Malika Favre’s style is often described as “Pop Art meets Op Art” — optic illusions, shadows and curvy, sensual shapes precisely define what her art is. Malika’s works accompany projects of Vogue, Sephora, Le Monde, and she serves a role model for the world’s illustrators who do or just onboard vector art.
Malika acquired her artistic background in Olivier de Serres in Paris and Surrey Institute of Art & Design, the leading art college in the United Kingdom. Before going freelance in 2011, she worked at Airside design agency, which she joined for an internship five years ago. Airside had a great influence on Malika’s style — the footprints of their eye-popping campaigns and animations can be traced in her personal projects. But let’s admit it, that’s not her work in Airside that inspires us today.
Alphabunnies of Malika Favre
The real Malika starts with Alphabunnies, a set of erotic letters. As she states herself, they have become her breakthrough moment, when Malika’s finally been able to approach the illustration style to show her off.
Via Alphabunnies Malika explores erotic drawings and adds them a more “graphic design” touch. As a result, she comes to the white negative space for the bodies, lots of tiny details to feast the eye and the letter-like look. And yet initially to create an alphabet isn’t a purpose, Malika takes it as a challenge.
Malika’s Illustration Style
With her works, Malika Favre builds perfect balance upon color, shape and shadow, the three constructs of her style. The images she draws rely on strong forms and contrasts, which altogether pop off the page with cinematic quality and a powerful message that she conveys with no words but with bold minimalism.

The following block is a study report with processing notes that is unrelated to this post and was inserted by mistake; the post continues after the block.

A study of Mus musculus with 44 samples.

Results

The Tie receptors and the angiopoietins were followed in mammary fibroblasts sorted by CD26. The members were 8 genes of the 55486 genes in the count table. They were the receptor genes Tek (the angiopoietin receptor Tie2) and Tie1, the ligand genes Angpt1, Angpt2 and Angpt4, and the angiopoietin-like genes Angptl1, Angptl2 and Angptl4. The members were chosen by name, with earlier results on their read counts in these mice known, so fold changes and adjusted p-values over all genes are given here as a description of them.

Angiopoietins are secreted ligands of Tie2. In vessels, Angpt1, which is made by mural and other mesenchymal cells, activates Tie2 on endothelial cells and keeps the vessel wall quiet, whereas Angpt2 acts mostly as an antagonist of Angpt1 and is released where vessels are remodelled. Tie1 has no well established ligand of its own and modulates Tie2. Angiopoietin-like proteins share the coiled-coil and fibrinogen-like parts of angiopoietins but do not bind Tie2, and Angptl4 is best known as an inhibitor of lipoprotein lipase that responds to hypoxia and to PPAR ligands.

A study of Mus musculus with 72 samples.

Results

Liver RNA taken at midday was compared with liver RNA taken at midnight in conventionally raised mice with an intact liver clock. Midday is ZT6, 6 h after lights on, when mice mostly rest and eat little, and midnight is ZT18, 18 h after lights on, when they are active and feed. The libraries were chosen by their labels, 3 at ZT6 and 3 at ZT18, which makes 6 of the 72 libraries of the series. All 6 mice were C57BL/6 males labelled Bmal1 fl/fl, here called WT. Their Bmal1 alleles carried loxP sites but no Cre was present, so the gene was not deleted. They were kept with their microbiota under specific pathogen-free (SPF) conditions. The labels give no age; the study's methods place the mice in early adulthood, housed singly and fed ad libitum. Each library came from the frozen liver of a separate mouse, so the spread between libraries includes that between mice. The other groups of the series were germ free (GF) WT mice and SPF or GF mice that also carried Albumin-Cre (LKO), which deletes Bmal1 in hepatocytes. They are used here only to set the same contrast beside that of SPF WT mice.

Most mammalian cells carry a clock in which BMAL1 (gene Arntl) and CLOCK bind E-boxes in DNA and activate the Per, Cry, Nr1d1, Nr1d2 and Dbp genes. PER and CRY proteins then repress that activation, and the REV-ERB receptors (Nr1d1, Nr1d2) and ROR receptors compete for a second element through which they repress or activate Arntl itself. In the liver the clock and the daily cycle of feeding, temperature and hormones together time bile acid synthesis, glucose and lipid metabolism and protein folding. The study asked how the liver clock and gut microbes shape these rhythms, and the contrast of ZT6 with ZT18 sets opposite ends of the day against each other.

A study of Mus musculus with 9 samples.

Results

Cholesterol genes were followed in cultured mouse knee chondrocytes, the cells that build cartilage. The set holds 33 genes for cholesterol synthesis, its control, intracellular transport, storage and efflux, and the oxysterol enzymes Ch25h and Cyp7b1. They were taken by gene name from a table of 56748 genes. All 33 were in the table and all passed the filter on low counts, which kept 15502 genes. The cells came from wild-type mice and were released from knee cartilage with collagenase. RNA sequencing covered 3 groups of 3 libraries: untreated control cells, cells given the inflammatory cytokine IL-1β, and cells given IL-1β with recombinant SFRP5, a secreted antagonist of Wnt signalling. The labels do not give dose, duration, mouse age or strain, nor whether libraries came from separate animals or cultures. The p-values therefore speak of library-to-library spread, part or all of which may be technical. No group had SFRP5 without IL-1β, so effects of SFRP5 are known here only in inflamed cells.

As a vector illustrator, Malika searches for ideal geometry within every composition. And as Malika Favre, she immerses herself in the play of light and shadow — mainly to obtain a flawless minimalist look.
Malika’s earlier works are filled with optical illusions, which she realizes through repeating patterns, colorful objects and an expert grasp of line. Today, she is more about using colors to build perspective — green as the shadow of white or black as the shadow of purple — as well as perfecting curves and reducing forms to maximum. Consequently, all Malika’s experiments help her create something more than just a pretty picture: the image pushes the viewer, pulls the viewer, it leads the viewer’s eye around, and in a way, it tells a story.
Malika’s Collaborations and Projects
Today, Malika Favre mainly does magazines and collaborations, which get her unlimited creative freedom. Her unique Pop & Op art works have been featured by Sephora, Le Bon Marché, Penguin Books, Vogue, The New York Times, The Sunday Times, and Vanity Fair, etc. She has designed eight covers for The New Yorker — the last one was released in September 2019 and filled with powerful femininity.